A few days ago, I was contacted by a journalist who was preparing an article on Embassies located in "high-risk" countries and who wanted to substantiate her story with a true account of life in such circumstances. As her title, she used a sentence which I had uttered: “Being in Kabul is like living in a submarine”. But when I saw my words in print, I had second thoughts. After all, one only has to glance upwards to contemplate the snow-capped peaks of Afghanistan’s capital, 1,800 metres above sea level. How could that image of a submarine have crossed my mind?
And yet, it really is like living in a submarine. Just as a submariner alternates between time underwater and time on the surface, we follow a very set rhythm: 10 weeks in Kabul, with no real opportunities to relax, followed by a break in France.
Professionally, things are almost normal, as we attend meetings and meet our Afghan or international partners. But how can we experience real life in Afghanistan when we can only travel in armoured vehicles and when it is impossible to take a stroll or head outside on a whim? Rules put in place following a recent attack further heightened this feeling of imprisonment: all non-work-related trips are now prohibited, or are under high security if we need to go out to buy essentials.
- L’ambassade sous la neige
- Photo : Ambassade de France à Kaboul
This situation leads to a sense of frustration, and all the more so because those lucky enough to leave Kabul in order to view projects or meet local authorities can appreciate both the beauty of the landscape and the remains of Afghanistan’s magnificent past, such as Herat, the ancient capital of the Timurid dynasty, Mazar-e-Sharif and the tomb of Ali, and the Panjshir Valley, made famous by Massoud. Our submarine is not blind and just as in a Jules Verne novel, we can peek through the portholes and see the wonders which surround us but which we cannot explore. Also clear to see, however, are the struggles of the Afghans, who after 30 years of war and then Taliban obscurantism are still suffering from violence and poverty.
- Vallée du Panchjir
- Photo : AFP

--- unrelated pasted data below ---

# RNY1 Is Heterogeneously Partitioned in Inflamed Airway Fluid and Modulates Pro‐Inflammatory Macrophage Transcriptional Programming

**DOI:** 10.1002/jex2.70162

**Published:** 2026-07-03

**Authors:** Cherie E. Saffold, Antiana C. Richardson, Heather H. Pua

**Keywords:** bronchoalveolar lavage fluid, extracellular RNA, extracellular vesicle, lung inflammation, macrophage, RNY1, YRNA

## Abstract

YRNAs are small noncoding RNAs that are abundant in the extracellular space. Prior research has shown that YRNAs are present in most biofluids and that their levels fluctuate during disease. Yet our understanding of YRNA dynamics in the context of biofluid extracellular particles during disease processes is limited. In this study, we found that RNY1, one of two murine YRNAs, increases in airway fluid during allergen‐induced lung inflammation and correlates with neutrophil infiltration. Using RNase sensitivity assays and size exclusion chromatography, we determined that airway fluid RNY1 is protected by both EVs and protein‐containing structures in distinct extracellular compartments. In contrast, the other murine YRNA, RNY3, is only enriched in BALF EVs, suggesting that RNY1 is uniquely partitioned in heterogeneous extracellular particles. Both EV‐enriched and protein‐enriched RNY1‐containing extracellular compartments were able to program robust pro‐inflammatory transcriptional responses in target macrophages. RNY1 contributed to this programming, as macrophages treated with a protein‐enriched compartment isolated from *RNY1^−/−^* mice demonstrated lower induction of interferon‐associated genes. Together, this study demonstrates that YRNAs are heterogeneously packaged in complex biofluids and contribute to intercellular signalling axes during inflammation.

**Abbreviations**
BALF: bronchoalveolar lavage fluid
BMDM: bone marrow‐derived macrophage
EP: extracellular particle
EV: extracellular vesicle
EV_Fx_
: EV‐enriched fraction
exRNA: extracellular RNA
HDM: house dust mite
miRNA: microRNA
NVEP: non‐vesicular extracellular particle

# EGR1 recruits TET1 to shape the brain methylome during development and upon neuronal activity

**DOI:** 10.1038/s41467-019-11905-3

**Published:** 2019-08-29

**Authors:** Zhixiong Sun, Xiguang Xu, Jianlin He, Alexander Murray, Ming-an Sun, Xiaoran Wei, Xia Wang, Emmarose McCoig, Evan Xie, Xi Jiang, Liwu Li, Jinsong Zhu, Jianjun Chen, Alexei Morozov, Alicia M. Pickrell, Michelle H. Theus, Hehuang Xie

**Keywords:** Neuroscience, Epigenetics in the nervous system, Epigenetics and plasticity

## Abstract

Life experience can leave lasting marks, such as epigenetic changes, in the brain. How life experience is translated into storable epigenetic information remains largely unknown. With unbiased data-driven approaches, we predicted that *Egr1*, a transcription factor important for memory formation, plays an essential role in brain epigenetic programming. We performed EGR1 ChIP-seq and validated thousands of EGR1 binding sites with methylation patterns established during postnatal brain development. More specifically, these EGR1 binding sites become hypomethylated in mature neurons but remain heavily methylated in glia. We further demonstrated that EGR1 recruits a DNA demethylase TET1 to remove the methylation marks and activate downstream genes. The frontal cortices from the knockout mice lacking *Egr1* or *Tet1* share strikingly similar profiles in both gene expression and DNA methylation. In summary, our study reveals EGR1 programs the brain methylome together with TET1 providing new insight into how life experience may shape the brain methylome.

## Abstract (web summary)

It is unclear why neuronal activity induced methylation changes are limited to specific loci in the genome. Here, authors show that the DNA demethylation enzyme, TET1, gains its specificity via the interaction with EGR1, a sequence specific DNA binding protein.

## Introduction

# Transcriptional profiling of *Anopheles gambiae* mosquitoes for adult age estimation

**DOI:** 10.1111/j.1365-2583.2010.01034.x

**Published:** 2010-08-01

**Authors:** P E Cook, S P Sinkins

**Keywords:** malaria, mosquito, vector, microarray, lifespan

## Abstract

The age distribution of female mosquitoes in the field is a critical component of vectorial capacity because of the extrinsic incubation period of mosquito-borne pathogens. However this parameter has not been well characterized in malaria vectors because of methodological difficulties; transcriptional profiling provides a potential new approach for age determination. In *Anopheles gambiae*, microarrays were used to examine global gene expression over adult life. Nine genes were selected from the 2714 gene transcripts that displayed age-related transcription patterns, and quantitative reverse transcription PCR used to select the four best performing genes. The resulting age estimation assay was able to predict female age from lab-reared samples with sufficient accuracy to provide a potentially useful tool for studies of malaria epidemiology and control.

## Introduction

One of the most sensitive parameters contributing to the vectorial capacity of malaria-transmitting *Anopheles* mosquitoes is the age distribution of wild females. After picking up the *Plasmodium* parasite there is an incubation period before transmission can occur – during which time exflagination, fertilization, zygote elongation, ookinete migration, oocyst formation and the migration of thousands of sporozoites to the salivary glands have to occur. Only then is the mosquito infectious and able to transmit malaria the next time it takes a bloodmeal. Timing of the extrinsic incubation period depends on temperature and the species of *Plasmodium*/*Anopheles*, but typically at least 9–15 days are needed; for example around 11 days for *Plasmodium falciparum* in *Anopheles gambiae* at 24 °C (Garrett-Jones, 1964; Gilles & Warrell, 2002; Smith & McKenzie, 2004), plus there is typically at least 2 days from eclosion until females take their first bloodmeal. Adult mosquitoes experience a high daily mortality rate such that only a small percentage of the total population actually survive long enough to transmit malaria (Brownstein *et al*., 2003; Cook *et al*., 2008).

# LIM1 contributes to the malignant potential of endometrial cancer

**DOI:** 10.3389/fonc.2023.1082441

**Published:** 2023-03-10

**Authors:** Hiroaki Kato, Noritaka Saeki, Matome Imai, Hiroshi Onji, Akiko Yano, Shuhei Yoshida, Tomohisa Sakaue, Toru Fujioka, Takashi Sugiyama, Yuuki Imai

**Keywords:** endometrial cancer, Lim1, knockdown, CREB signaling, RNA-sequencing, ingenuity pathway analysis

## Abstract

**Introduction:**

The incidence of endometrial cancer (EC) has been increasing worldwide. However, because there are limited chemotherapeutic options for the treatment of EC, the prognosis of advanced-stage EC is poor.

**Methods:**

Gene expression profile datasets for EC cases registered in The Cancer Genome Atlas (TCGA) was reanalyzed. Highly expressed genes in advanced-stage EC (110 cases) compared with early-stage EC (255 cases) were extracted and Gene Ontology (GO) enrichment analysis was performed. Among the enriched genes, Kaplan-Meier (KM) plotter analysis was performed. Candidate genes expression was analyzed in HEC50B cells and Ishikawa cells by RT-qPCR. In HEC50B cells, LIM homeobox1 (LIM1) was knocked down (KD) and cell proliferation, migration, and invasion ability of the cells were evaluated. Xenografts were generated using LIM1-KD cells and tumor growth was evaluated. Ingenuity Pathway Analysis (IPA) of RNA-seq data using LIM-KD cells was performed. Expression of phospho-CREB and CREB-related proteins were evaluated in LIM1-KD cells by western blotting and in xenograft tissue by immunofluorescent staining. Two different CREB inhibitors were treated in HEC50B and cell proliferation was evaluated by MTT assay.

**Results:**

And the final similarity with a submarine: the lack of privacy. For security reasons, we all live on two quite pleasant sites, with plenty of greenery. Space, however, is at a premium, and the unlucky ones have to make do with converted shipping containers. Meals are eaten together. In this environment with no spouses or families, in addition to the risk of disputes with neighbours, there are the typical workplace difficulties.
The victims or the privileged?
So in that case, what are we doing here? How do we find volunteers? Each person has their own motivations, but everyone agrees that for every restriction, there is a benefit.
The first is the Afghans themselves. Despite all their ordeals, they have preserved their traditions of hospitality and generosity, as well as the beauty which has fascinated travellers and photographers alike. While we regret the standardization of our planet, here we are faced with a radically different world, which continually forces us to strike a balance between respect for this otherness and upholding our values. This conflict is no doubt sharpest with regard to the status of women in Afghanistan.
And how can one not be fascinated? Afghanistan is at the crossroads of several worlds. Behzad honed the art of “Persian” miniature paintings in Herat; Babur, the first Mughal emperor, is buried in Kabul; Mawlana Rumi, the founder of the Whirling Dervishes movement in Turkey, was born in Balkh; the Afghan Turkmen arrived in the 1920s, fleeing the Soviet advance...It was then that the term “The Great Game” was coined, during the conflict between the British and Russian Empires. The period we are now living through is unprecedented: 12 years after the fall of the Taliban, a new chapter will soon be opened with the Presidential elections which, all being well, will result in the first democratic transition in the country’s history and the end of NATO’s intervention in its current form.
Finally, the risk of conflict between colleagues has so far been more theory than reality as everyone is helping to maintain a friendly atmosphere. This personal observation concurs with the conclusions of the psychologist sent by the human resources department.
Of course, Kabul is not a unique case. Other colleagues around the world have experienced this type of situation, and they would doubtless agree with me that we owe a great debt of gratitude to our spouses and families for allowing us to work in these unusual circumstances. It is they who let us travel abroad, sometimes with great anxiety, while they must get on with their daily lives, from which we are largely absent, despite Skype and the Internet.